Then Nothing Ever Happens Because Nothing Ever Does
An evening of video work and live readings that explore notions of transgression in the physical and virtual environments of late capitalism. Then Nothing Ever Happens Because Nothing Ever Does intervenes into the surreal and clamorous world created by Fitch/Trecartin to produce a temporary environment that foregrounds empty space, numb bodies and fragmented subjects. The artworks bought together for this event consider the process through which moments of resistance and otherness have become increasingly normalised and intertwined with capital.
For Then Nothing Ever Happens Because Nothing Ever Does, excerpts from Holly Childs' Danklands will be performed by Cristine Brache, Todd Woods and Holly Childs in a domestic swampscape environment. Danklands is a work of fiction that enfolds art writing, online and out-of-bounds spaces, and characters that dissolve.
Sandra Lahire's Arrows,1984, is an inquiry into the artist's devouring of self - her illness anorexia. The work is determined, direct and honest, revealing both moments of fragility and insolence.
Jesse Darling's work, Darling's Room With Lyrics (Karaoke Vape Version RAW), 2014, carries us into the familiar territory of feeling alone with others, and the spent interstices of romance, masculinity and hedonism.
Hannah Quinlan Anderson and Rosie Hastings present a new video installation which asks Is the Gaybar a Grave? Picking up on Jose Muñoz's writing around the horizon as a metaphor of the potentiality for queerness, this work is part of the artist duo's ongoing inquiry into the neo-liberalisation and heteronormalisation of gay rights.
Rozsa Farkas' video text reflects on Lahire's Arrows and brings to the forefront the various meanings of the term #nofuture, by reflecting on the work of Paul Lafarge amongst others.
With thanks to:
LUX Moving Image for support with presenting Sandra Lahire's work.
Holly Childs is an Australian writer, editor, artist, curator. She makes work around digital semiotics, transformations of language, fashion, aberration, corruption. Her first novella No Limit was released by Hologram (Melbourne) in April 2014. Her second novella Danklands will be published by Arcadia Missa (London) in December 2014.
Jesse Darling works in sculpture, installation, text and "dasein by design", thinking about networked subjectivity and the way that structures - architectural, [bio]political, philosophical - manifest in physical and social bodies. Recent solo exhibitions include presenting a series of new sculptures in How Can It Hurt You When It Looks So Good with Arcadia Missa at START Art Fair, London and Not Long Now at LimaZulu, London, both 2014. Recent group exhibitions include Ends Again at Supplement Gallery and Snow Crash at Banner Repeater, both London, 2014.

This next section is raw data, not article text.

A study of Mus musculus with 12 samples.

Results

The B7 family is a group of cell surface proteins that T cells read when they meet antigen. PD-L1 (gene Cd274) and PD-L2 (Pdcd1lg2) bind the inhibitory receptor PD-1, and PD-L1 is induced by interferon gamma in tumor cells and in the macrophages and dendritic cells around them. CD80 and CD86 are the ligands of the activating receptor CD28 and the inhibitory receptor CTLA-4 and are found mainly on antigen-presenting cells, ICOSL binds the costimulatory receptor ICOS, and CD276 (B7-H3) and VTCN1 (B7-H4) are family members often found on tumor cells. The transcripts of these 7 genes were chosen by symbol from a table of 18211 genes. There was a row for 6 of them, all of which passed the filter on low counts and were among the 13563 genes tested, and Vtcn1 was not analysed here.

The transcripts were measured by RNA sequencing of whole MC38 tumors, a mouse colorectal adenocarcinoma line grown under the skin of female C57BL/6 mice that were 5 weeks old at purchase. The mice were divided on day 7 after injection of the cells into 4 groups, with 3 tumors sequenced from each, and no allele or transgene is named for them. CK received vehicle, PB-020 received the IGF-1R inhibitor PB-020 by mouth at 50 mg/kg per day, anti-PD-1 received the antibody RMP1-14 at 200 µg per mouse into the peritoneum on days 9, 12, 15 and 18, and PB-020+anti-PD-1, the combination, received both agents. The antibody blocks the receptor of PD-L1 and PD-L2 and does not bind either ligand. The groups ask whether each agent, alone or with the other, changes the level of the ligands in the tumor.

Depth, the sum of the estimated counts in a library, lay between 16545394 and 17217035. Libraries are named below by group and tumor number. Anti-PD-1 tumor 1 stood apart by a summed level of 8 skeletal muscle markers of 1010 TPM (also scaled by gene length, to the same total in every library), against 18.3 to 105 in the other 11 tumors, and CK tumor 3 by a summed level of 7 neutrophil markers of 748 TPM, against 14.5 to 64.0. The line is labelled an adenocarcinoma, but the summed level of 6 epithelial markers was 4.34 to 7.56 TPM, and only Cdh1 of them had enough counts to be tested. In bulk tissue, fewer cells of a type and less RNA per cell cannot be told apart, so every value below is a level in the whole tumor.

Rózsa Zita Farkas is a writer and curator interested in bodies through networks. She is the founding director of Arcadia Missa, London and has co-curated independent projects including The Posthuman Era Became a Girl, South London Gallery and Re-Materialising Feminism, ICA and The Showroom, both 2014. Her writing has been published in Mute Magazine, Eros and DPI Studioxx, and she has presented at events for Transmediale, ReSource006 and Rhizome. Since 2010 she has guest lectured at University of the Arts, London.
Rosie Hastings and Hannah Quinlan Anderson are artists whose collaborative work includes @GAYBAR - a series of exhibitions and events exploring new horizon's within gay bar culture and Where is the Body?, a bi-monthly reading group focusing on queer theory texts. Hannah and Rosie also manage Rye Lane Studios, an artist-led space in Peckham, founded in May 2014.
Sandra Lahire's films have been shown nationally and internationally at cinemas and festivals including Creteil, Locarno, Berlin, Montreal, Sao Paolo, Turin, Jerusalem, Australia and the Philippines. Her writing include
Lesbians in Media Education published in Visibly Female (ed Hilary Robinson, Camden Press 1987) and articles for Undercut. She also wrote a musical score for Lis Rhodes' film Just About Now. She passed away in 2001.